How to Pass Your Property When You're Married

When you make your will with Nolo’s Online Will, one of the key decisions you make will be how to leave your property. In this part of the interview, you specify who gets what after your death. If you want to leave everything to your spouse, this job will be exceedingly simple. It will take a bit more effort if you have more complex wishes in mind.

Inventorying Your Property: Optional

Before you continue, you may find it helpful to take an inventory of your property. You can make a simple list by hand or on your computer, or you can use our Property Worksheet to help jog your memory. You can type onto it and save it, or print it out and fill it in by hand.

We provide this worksheet as an aide -- to help you think through what property you own. It will not, and should not, be included with your final will document.

Leaving All Your Property to Your Spouse or Domestic Partner

If you choose to leave all the property you own to your spouse or registered domestic partner, you won't need to list each item separately when making your will. After your death, whatever you own will go to your spouse or partner.

This does not include, of course, property that passes outside your will -- for example, property in a living trust or owned in joint tenancy.

This option may suit you best if you have young children and trust your spouse or domestic partner to adequately provide for the children with the property you leave.

If you have children from a prior marriage, or your children are older and you want them to get some of your property directly, or you have specific items and cash that you want to go to particular children or to other people, one of the other options may be a better choice.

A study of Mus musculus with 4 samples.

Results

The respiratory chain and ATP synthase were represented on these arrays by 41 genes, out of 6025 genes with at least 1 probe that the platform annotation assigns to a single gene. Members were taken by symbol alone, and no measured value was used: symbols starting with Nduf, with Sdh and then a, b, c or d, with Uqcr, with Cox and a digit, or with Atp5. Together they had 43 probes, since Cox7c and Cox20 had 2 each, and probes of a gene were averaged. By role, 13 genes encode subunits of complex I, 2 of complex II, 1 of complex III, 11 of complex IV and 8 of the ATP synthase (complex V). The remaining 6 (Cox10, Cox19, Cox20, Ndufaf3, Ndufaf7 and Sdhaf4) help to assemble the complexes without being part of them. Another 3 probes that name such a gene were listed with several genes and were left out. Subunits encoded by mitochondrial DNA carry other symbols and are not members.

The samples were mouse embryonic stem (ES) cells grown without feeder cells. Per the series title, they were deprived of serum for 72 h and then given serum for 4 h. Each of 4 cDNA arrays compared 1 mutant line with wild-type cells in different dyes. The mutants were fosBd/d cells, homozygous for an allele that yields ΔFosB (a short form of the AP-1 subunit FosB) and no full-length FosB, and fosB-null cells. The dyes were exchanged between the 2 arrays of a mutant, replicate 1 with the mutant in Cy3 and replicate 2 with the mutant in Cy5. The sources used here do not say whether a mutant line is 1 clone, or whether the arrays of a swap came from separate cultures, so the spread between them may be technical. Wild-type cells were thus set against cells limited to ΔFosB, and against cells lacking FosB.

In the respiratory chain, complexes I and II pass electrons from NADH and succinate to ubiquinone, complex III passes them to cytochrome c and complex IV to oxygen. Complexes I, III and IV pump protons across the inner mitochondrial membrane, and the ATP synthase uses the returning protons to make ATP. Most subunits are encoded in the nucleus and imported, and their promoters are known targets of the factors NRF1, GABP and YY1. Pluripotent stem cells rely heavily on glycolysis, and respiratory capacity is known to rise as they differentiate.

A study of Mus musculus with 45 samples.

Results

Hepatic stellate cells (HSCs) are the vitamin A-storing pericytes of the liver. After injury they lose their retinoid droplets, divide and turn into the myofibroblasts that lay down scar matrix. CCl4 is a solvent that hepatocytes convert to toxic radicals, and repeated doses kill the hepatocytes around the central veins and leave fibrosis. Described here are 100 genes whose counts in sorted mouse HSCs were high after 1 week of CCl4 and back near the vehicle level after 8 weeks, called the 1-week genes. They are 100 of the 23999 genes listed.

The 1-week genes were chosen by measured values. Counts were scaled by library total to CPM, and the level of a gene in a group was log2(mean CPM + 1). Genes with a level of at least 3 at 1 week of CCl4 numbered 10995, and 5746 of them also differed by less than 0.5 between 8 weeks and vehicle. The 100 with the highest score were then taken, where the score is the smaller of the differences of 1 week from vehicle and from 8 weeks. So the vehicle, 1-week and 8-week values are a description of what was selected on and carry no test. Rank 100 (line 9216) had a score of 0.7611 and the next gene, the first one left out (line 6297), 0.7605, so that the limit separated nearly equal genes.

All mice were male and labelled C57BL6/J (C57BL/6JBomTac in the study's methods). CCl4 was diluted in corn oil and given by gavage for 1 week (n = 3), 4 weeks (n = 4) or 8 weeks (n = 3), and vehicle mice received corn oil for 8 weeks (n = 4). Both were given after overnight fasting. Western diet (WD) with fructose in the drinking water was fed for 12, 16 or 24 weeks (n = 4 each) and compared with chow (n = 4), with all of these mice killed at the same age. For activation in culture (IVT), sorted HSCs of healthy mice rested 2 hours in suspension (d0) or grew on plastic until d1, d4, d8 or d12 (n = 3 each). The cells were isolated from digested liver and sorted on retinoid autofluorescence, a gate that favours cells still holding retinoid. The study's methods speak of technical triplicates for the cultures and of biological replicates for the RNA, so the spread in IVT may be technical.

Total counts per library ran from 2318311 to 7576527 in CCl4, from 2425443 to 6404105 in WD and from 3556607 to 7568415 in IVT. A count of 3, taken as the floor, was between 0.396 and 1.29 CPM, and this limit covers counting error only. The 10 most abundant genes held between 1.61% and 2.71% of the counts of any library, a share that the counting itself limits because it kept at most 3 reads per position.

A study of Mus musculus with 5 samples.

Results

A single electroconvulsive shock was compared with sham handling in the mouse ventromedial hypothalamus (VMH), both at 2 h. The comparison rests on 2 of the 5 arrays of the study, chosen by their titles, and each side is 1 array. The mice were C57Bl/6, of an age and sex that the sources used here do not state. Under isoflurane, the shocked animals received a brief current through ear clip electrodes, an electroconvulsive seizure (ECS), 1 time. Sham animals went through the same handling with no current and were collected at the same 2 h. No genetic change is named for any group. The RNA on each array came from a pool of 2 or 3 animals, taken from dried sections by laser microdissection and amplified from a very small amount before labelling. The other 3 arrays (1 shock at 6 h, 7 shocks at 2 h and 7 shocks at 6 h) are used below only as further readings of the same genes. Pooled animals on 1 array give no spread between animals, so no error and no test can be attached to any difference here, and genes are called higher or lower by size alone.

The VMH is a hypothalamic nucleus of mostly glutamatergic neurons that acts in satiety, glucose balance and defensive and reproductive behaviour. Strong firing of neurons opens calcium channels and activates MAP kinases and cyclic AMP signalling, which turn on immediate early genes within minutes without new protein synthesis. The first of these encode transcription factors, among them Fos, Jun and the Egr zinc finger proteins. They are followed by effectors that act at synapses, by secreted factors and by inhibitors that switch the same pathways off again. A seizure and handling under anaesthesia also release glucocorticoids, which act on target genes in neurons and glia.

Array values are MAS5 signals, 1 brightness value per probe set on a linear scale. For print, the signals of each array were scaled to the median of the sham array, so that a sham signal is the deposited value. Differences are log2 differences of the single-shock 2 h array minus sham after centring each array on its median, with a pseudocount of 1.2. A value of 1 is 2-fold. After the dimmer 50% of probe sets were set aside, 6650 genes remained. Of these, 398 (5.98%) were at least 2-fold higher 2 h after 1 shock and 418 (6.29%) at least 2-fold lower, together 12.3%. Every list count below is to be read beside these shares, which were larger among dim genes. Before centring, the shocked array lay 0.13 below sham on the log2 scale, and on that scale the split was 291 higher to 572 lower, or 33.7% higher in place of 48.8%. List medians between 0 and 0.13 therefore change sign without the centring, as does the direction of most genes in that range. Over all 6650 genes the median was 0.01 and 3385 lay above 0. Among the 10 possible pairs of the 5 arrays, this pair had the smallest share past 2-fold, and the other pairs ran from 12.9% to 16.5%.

Leaving Most of Your Property to Your Spouse or Domestic Partner, Some to Others

If you want to leave the bulk of the property you own to your spouse or domestic partner, but have specific items that you want other people to get, choose this option.

Later in the interview, you will need to specifically list only the items you leave to other people; everything else will pass to your spouse or partner.

Leaving Your Property Some Other Way

You may divide up your property and leave it to people item by item, or leave a group of items to a certain beneficiary. Each gift you make this way is called a specific bequest.

First, you will name someone (or a group of people) to take any property you own at death but have not specifically mentioned in a specific bequest. Then you can name as many specific gifts as you'd like.

This option offers flexibility, but be sure that you understand the rules governing what you own and the rights of your spouse or partner.

If you plan to leave less than half of your property to your spouse or registered domestic partner. The laws of your state may enable him or her to override your will and claim a substantial portion of what you own at your death.

Learn more about Property Ownership Rules for Spouses and Your Spouse’s Right to Inherit from You.

Naming a Trust as Beneficiary

[At this time, you cannot name a trust as beneficiary of Nolo's Online Will.]

Not All Property Passes by Will

Some types of property will pass through your will, but not others. Types of property that commonly pass through a will include real estate such as a house or land, vehicles, bank accounts, and personal items such as household items, family heirlooms, art, jewelry or antiques. However, these types of property will only pass through your will if you have not made other arrangements for them.

Any property for which you have made other arrangements will not pass through your will. For example, these types of property will not pass through your will:

  • property in a trust (living trust, special needs trust)
  • property with a right of survivorship (joint tenancy, tenancy by the entirety, community property with the right of survivorship), and
  • property for which you have already named a beneficiary (TOD deeds or accounts, retirement benefits, life insurance).

To avoid confusion, do not use your will to name beneficiaries for property that will pass outside of your will.